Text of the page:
Archive for February, 2017

Take the LENT CHALLENGE!

Posted: 2017/02/27 in Christianity

Lent is a season of preparation for Easter, the most important moment of the Christian year.  It provides space to grow one’s faith and deepen their relationship with God through Jesus Christ.  It has been the tradition of many Christians over the centuries to take up spiritual practices that help such faith and relationship building.  Today, we tend to reduce these to giving up something we probably will not miss anyway and eating fish on Fridays (if there is a good fish fry in the area).

To better use this Lent season, I offer the following 3-part challenge that will make Lent a much more meaningful season.  It’s a tough challenge and moments of failure will occur along the way.  That’s okay—ours is a gracious and forgiving God.  Don’t give up!

Here’s the challenge:

(1)  Give up/abstain/fast from something that you know down deep is harmful, be it alcohol, overeating, smoking, cynicism, internet trolling, messing with your cell phone while driving, or whatever (you know best your own harmful habits and hang-ups).

(2)  Take up a spiritual practice (or two) that grows your faith and relationship with God—
– schedule/set-aside time for prayer each day,
– read your Bible each day,
– attend worship at church every Sunday, and/or
join a Bible study.

(3)  Establish accountability for your choices made in (1) and (2)—
– Write down what you plan to give up and the spiritual practice(s) you want to do.
– Tell someone you trust about what you are doing and ask them to check in with you regularly.
(This last part of the challenge is the most difficult, but it’s the most powerful way to support your efforts with (1) and (2).)

Remember, you are not alone in this—let God help by inspiring and strengthening you along the way.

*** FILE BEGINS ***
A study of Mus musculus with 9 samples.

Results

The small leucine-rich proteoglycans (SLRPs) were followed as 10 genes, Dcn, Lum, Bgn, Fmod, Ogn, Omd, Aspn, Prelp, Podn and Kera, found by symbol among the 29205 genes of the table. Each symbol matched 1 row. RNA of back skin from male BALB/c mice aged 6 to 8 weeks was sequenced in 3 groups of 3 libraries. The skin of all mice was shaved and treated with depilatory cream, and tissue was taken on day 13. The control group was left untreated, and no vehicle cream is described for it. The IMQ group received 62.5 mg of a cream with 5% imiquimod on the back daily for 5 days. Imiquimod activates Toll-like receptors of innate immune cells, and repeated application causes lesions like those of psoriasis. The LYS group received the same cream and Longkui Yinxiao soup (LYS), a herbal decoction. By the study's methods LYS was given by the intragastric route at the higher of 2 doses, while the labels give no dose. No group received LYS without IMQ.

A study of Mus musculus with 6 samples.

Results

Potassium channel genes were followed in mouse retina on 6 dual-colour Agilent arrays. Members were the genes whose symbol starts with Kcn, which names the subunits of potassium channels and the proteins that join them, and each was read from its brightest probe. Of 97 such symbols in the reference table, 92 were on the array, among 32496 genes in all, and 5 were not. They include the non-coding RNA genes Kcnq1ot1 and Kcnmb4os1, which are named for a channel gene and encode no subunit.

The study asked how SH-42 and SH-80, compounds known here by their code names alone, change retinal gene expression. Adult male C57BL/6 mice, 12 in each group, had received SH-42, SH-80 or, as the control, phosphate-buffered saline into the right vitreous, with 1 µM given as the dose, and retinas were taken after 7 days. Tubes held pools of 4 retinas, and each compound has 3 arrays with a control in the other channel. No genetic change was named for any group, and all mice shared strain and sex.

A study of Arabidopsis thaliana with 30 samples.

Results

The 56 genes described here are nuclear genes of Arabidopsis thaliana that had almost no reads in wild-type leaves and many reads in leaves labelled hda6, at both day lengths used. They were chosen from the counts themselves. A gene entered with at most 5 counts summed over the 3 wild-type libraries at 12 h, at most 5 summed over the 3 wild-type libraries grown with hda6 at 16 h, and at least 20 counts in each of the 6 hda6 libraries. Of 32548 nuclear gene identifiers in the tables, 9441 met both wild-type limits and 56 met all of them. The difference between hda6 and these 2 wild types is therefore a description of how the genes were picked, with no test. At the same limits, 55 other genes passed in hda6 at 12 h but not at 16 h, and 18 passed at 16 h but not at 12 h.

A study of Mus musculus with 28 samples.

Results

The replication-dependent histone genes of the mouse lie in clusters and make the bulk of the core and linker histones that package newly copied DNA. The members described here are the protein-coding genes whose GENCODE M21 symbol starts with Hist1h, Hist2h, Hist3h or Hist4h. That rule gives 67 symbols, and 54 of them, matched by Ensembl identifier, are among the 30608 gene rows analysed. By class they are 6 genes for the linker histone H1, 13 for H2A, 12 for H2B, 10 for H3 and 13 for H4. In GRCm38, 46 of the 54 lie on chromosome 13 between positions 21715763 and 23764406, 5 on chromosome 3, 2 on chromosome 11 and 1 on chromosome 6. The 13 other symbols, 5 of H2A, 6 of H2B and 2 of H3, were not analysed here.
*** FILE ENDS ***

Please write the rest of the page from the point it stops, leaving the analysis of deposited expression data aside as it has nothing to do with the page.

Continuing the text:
Advertisements

Making disciples of Jesus Christ for the transformation of the world.  (mission statement of The United Methodist Church)

It’s that last bit—“for the transformation of the world”—that has driven my ministry since I retired from software engineering a baker’s-dozen years ago to preach the gospel of Jesus Christ.  And it’s that last bit that obliges United Methodist preachers to bring the affairs of the outside world into the church, a place where a good many would prefer to be a sanctuary away from the conflicts and anxieties of the world.  If we are to be a Christ-following people of world transformation, we must engage the world and do so within the context of Christian community (i.e. the church).  Bit, never have I known this imperative to be so difficult as it is today.

In this winter of our divisive discontent, having just elected a president unlike any other, and whose leadership is decisive, unconventional, and results-oriented (bypassing the red-tape to fulfill campaign promises), yet sometimes dysfunctional and too-often immoral (lying and promulgation of prejudice against Mexicans and Muslims), a Christ-centered perspective on current events is necessary.  We need to sort out and clarify who we are and what we believe as Christians (individually and as a church), and then interact with our world from that identity.

My first impulse, not unlike that of the bazillions of commentators and trolls on social media, is to speak and preach directly to our current situation.  But to do so would allow me to drift too far into preaching political and social opinion rather than interpretation of the Bible.

My solution to this problem, and I hope it works, will be to focus first on the Bible and its theology.  Our turbulent world will always be in the background, but with the Bible and Jesus Christ in the foreground, those to whom I preach and teach will receive from me tools for making their own decisions about the world around us.  In other words, I want to “Make disciples of Jesus Christ.”  They will, in turn, go forth and impact the world around them in their own unique ways.

Part of me feels like this is a bit of a cop-out that allows me to avoid conflict, and it may be, but I do not see how we get to “the transformation of the world” without first “making disciples of Jesus Christ.”  And it will be those disciples who, out of their own deep faith and Spirit-stoked inspiration, will do whatever they do best to make a difference in the world.  I intend not to get in the way of that by alienating the very people whom I am trying to help become more devoted disciples of Christ.